Some writers break all the rules and yet manage to create works of literary brilliance. Their books leave the rest of us struggling writers both astounded by their unique talents and slightly resentful of their audacity. These literary non-conformists brazenly forge their own paths, ignoring the laws of writing that one hears articulated ad nauseam at every creative writing workshop. Unfortunately, Keith Oatley, author of Therefore Choose, is not one of these renegades.
In this, his third novel, Oatley breaks the rules but only succeeds in convincing the reader that her creative writing teacher knew what he was talking about after all. The rule Oatley most flagrantly breaks is the old chestnut, Show, Don’t Tell. Dialogue is traditionally an ideal opportunity to follow this advice, a chance to use the words of the characters to express their emotions, to advance the plot and to illuminate important themes. In Therefore Choose the purpose of dialogue seems to be to inform the reader how impressively well read and intellectually gifted the author is.
The three main characters – Werner, a German philosophy student; Anna, an aristocratic but deeply ethical literary editor living in Berlin; and the protagonist, George, a reluctant medical student and aspiring writer — ruminate endlessly on a variety of subjects: colonialism, slavery, racism, philosophy, politics, literary theory, and more. In case we had any doubt of Oatley’s wide range of knowledge, every conversation includes numerous allusions to and quotations from such luminaries as Shakespeare, Dante, Kierkegaard, Sartre, Freud, Wittgenstein, Hitler, and whoever wrote the Bible. The dialogue also suffers from a stiffness that reveals the writer’s presence when we should only be aware of the characters themselves. So we get Anna telling George, “That is because you are from the other side of that patch of shallow and stormy water that you call the North Sea.” A poetic image certainly, but not something one would ever say in conversation. Both the content and the quality of the dialogue fail to leave the reader with a deeper understanding of the characters’ emotional lives. Rather, they confirm that the author, a professor emeritus of cognitive psychology at the University of Toronto, is a really smart guy who knows how to do his research.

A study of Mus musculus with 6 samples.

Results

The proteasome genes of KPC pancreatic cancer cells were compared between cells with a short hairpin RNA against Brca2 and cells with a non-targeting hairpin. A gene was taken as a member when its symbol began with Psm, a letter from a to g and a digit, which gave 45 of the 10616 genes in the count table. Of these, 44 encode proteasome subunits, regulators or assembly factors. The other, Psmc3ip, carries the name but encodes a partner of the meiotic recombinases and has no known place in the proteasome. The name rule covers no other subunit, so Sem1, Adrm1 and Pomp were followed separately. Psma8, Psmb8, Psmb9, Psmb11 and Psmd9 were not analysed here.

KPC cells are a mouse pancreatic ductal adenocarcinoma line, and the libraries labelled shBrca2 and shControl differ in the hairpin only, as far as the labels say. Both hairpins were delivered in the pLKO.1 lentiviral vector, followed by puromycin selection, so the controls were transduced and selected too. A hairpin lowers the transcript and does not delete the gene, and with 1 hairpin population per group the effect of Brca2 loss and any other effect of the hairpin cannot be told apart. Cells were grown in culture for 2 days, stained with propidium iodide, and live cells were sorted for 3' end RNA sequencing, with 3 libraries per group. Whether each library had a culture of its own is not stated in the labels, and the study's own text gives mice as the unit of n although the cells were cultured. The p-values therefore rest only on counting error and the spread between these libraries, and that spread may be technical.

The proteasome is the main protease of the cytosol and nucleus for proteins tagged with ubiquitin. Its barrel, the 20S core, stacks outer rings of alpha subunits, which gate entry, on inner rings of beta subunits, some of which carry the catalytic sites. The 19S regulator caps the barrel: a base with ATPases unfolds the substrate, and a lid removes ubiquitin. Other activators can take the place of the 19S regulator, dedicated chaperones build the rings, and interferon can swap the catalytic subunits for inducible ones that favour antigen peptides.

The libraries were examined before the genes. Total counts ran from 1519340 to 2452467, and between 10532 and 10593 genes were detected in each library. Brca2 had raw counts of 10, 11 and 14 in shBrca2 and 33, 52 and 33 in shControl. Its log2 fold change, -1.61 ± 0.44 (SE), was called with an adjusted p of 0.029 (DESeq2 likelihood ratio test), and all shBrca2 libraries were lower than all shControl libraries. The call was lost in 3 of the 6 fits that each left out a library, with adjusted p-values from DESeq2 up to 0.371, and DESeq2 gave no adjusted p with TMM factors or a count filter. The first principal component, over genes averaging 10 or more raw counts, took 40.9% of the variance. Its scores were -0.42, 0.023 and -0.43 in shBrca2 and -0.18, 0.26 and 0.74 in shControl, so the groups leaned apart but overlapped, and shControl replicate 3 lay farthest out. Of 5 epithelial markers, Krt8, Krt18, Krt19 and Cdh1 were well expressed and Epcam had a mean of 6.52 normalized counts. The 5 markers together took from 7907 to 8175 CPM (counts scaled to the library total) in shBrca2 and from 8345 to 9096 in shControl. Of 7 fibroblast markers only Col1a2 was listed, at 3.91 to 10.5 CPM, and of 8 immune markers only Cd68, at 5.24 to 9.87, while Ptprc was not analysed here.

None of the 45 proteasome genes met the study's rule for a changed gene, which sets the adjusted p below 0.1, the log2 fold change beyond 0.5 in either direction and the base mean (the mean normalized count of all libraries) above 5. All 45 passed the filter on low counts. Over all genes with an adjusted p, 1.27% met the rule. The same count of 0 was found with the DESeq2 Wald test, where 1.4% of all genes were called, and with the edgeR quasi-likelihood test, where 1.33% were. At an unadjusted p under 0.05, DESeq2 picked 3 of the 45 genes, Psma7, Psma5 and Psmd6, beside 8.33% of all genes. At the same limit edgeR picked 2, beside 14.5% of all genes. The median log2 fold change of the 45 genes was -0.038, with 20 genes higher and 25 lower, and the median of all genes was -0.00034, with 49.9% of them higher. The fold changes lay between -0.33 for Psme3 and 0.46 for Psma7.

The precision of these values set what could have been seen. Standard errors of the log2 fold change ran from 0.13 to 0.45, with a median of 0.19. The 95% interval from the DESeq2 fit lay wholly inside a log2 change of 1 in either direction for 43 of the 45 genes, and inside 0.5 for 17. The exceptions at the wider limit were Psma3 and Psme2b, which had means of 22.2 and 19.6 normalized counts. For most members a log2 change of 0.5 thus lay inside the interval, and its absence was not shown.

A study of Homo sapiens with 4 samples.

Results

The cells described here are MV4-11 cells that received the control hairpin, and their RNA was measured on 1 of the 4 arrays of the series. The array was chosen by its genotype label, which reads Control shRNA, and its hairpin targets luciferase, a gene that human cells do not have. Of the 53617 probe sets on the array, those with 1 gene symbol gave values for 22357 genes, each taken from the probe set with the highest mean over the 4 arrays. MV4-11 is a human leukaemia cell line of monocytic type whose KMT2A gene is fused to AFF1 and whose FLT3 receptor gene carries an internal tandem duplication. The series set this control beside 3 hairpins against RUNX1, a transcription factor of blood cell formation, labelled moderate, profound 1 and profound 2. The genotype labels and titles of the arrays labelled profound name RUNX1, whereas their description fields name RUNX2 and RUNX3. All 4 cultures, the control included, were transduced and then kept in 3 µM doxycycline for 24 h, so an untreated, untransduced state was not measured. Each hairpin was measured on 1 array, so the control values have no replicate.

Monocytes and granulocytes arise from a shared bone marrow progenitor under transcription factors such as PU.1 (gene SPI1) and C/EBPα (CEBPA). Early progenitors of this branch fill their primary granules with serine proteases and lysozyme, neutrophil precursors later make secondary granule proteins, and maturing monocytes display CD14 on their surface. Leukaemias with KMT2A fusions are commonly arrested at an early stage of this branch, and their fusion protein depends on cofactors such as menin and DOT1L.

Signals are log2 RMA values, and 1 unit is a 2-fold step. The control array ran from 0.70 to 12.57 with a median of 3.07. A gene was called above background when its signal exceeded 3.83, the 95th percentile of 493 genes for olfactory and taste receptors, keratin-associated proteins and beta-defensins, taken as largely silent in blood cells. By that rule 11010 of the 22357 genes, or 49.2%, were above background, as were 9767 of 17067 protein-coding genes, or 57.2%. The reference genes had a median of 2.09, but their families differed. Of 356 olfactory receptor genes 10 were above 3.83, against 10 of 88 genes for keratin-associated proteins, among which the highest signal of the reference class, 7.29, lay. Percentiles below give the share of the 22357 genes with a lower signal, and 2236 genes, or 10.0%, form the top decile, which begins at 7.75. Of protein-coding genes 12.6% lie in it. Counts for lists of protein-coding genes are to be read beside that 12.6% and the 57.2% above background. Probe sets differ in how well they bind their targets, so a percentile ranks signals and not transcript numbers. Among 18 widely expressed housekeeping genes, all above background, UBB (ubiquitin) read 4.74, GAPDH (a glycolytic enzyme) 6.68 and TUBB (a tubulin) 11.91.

The novel’s protagonist, George, suffers most from this emotional void. George is a young man who is involved in a desperate, life-changing struggle over the choices he has made: the choice to leave his father on a windswept cliff-edge from which the older man falls (or jumps) to his death, the choice to enter medical school instead of following his passion for writing, the choice to go back to England instead of staying with Anna in Berlin. And yet, even with the help of a third-person limited narrator to give the reader insight into George’s innermost feelings, the young man remains emotionally distant from us.
The central theme of the novel, the fact that the choices we make at all stages of our lives have an impact on not only our personal life experiences but also on the experiences of those around us, is a fascinating one. And Oatley astutely set Therefore Choose in Germany and England from 1935- 1946, a period in history that is widely recognized as a moment when one’s choices literally had the power to make the difference between life and death. Too bad this novel chooses to defer to the world of the intellect instead of dragging us into the universe of the heart.
B.A .Markus is a writer who sometimes breaks the rules and sometimes follows them.